The rapid rise in prices for feeder cattle and calves has been driven by shrinking supplies, a fact borne out by the U.S. Department of Agriculture’s annual cattle inventory report. The national herd is now 90.8 million head, the lowest total since 1952. In shor t , demand is of f the charts from feedyards and stocker operators who need replacement cattle.
But with elevated prices comes elevated risk. Kansas State University agricultural economist Ted Schroeder says today’s risk significantly outweighs the risk feedyards saw just two years ago.
“In February 2010 we had June 2010 Live Cattle futures contracts at $88 per hundredweight,” Schroeder says. “Market volatility, based on live-cattle option prices at the time suggested we were 66 percent confident the fed-cattle cash price in June 2010 would be between $82 and $94.60 per hundredweight.” That implies traders were 66 percent confident fed-cattle values would range about $157 per head, from low to high, at the time 750-pound feeders were placed on feed.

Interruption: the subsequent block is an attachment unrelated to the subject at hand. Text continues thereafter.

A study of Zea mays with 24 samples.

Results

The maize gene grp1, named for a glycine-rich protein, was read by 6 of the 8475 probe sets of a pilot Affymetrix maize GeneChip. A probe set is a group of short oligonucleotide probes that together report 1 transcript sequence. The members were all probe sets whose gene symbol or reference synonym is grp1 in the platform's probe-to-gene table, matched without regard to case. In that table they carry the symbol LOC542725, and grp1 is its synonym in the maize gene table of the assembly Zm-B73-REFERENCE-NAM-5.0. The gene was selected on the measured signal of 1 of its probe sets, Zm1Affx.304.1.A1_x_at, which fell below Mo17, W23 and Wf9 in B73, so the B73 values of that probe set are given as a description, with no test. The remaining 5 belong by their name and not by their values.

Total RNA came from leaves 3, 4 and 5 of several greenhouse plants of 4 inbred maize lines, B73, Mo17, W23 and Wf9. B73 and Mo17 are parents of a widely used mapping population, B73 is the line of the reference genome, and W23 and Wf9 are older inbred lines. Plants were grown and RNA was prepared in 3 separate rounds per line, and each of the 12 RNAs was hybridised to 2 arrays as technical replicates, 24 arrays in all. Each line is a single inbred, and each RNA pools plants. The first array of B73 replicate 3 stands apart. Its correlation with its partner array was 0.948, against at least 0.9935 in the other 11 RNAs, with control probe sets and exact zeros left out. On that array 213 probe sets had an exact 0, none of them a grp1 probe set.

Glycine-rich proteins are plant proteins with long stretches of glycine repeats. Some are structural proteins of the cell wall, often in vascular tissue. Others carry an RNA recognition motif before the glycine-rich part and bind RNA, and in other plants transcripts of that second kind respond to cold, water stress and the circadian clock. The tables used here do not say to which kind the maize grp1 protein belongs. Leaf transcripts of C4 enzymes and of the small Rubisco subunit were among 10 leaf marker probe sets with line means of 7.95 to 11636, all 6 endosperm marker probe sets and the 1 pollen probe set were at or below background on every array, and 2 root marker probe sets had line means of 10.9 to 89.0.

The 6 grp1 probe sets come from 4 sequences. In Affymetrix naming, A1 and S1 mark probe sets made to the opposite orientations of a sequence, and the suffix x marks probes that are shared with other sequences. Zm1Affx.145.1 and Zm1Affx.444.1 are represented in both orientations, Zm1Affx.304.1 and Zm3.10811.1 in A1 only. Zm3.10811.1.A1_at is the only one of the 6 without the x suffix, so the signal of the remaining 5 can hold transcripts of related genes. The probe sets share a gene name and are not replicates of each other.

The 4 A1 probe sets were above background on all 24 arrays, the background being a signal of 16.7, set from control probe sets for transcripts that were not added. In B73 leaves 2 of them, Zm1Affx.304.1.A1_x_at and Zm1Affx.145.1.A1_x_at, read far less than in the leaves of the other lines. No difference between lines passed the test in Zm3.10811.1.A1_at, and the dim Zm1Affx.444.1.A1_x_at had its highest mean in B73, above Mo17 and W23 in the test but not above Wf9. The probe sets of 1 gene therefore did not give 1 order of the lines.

Fast forward two years and we find June Live Cattle trading about $126 per hundredweight . “Today’s market volatility indicates we are 66 percent confident the price will be somewhere between $117.30 and $135.50 per hundredweight in June — a $227-per-head range from high to low for fed cattle,” Schroeder says. “That’s a 44 percent increase in revenue risk per head ($227 vs. $157) compared to two years ago.”
That risk is further compounded by the fact that corn prices are significantly higher than in 2010.
“Combining fed-cattle and corn price risk now with what it was just two years ago, my analysis suggests about a 44 percent increase in net return risk per head (the range from probably low to high return potential) for placing cattle early in February for harvest in June. And, with current feeder-cattle prices, we are starting with about a $60-perhead lower expected feeding return now compared to two years ago. Similar factors persist for elevated cow-calf producer and stocker operator risk.”
The risks for cow-calf and stocker operations, however, are tied more to production and cost management, rather than prices, according to Oklahoma State University agricultural economist Derrell Peel.